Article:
Honda’s Hasegawa: “We were able to make additional changes to be ready for Melbourne”

World © Octane Photographic Ltd. Formula 1 - Winter Test 2. Stoffel Vandoorne - McLaren Honda MCL32. Circuit de Barcelona-Catalunya. Tuesday 7th March 2017. Digital Ref :1784CB1D0854

Honda Head of F1 Project Yusuke Hasegawa says that despite suffering from a number of problems with their engine during winter testing, they were able to make suitable changes after further investigation, and the McLaren Honda Formula 1 Team will be ready for the first race in Melbourne this weekend.

“It has been a challenging winter for everyone at the team. Obviously, the problems we had in Barcelona, limited our track time and put added pressure on our pre-season preparations, however, we were still able to generate a huge amount of useful data.

“In terms of performance, there has been room for improvement with mapping in order to have better driveability, and with further analysis we were able to make additional changes to be ready for Melbourne.”

Despite that optimism, reliability is still an uncertainty, and further amendments may still be needed to bring the Woking based squad up to the levels of performance they believe they should be able to achieve in 2017.

Whether that is necessary will only be known once the first race weekend of the season gets underway, but Hasegawa is confident they are now on the right path with development, and further improvements will be apparent as the year goes on.

“We know we are heading in the right direction and we’ll continue our efforts in order to increase our competitiveness throughout the season.

Hasegawa is still anticipating a tough time out in Australia however, as the Albert Park track has always been demanding on all elements of the car, as well as the driver.

The Japanese engineer believes that getting on top of reliability will be key for the Woking based squad this weekend, and if the Honda engine can hold up, whilst delivering the maximum power available, that would be a big step forward for McLaren Honda from where they had slumped to in Barcelona, and both parties would take that…without a shadow of a doubt!

“As a season-opener, the Australian GP is a strenuous grand prix for the drivers, car and the power unit. Our priority for the weekend will be to extract the most out of our power unit, while maintaining reliability.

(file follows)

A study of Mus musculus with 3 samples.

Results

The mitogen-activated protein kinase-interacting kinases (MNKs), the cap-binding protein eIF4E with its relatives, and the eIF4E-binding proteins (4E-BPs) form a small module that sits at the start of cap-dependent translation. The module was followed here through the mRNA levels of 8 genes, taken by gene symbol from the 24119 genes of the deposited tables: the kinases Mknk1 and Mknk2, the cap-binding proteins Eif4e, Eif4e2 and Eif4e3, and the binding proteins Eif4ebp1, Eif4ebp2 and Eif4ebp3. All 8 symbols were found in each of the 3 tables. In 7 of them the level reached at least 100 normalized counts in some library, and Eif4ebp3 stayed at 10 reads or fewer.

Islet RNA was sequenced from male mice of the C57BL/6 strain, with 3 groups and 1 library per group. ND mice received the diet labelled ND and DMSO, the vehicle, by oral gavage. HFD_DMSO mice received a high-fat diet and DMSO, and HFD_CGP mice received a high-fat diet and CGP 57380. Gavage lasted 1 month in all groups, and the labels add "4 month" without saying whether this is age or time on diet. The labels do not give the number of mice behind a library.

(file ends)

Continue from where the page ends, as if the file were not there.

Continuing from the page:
“It won’t be an easy weekend, but despite the challenges we love coming to Melbourne. The fans are amazing, and we always have fantastic support from our Honda Australia peers. We hope we can show our appreciation through our efforts on the track.”

  • Roger Flerity

    Fans of McLaren and Honda need to keep hammering on Honda to move faster and more aggressively, and not give them any slack. Honda has performed miserably, and has taken far too long, made too many empty promises, and missed the mark far to often to be given the benefit of the doubt. They have embarrassed themselves and need to do whatever it takes to get it right, and put McLaren back in contention – or get out… again. It would be fantastic to see McLaren/Honda escape their horrible display and become competitive again – and even more exciting to see them win again.

  • McSerb

    Yes, but I don`t see how Honda can ever catch up to Mercedes or Ferrari. Both of these teams have made a significant step AGAIN with their engines and just when people thought there was nothing more to develop. The people working at Honda would have to be twice as smart, which they are clearly not. The engine race is over, Honda lost because a head start is a head start. Nobody waits for the competition. Honda needs about two years to catch up (if the others stop developing) so the only solution is to buy the know-how the others spent years to acquire. The Japanese will not do it.

  • Ambientereal

    Ferrari did some clever step this year (according to their own words) and that is “hundreds of millions of euros in tools that allow the testing of most parts of the car” that´s precisely what Honda needs, long range testing of the PU in all race situations imaginable. A PU must be labor tested for at least 10000 km and be free of failure. And that test should include all working regimes and in the real proportions.

  • dan pambid

    i think a few years was more than enough to develop a decent engine. maybe not the fastest, but at least somewhere in the middle. you dont take 3 years to develop a pu thats dead last. also, who builds an engine that cant take vibrations???

  • One consistent problem that Honda seems to face is that their testing program doesn’t adequately simulate race conditions.
    We keep hearing the engines perform great on the dynos and then when they get into the cars they overheat, have oil pickup problems, vibration problems etc. You can’t tell me they would put an engine in a car with known problems like that. It seems to me that they don’t adequately test the engines for the effects of G-force and being under the bodywork of the car.

  • jimjimmy123

    None of these issues proved unsurmountable in 88-92 under Osamu Goto. I think it’s also a question of management and priorities and the personality of the individuals in the exercise.

    One thing that keeps popping up is how blase Yusuke Hasegawa seems about it all. The way he speaks, acts. At the launch it just struck me because I was waiting to see who would do it…

    When the champagne was handed out at the end he was the first to drink it. It’s something small, but even that gesture (especially to a Japanese) is not a sign of knowing the responsibility that is on your shoulders and towards the company you are in.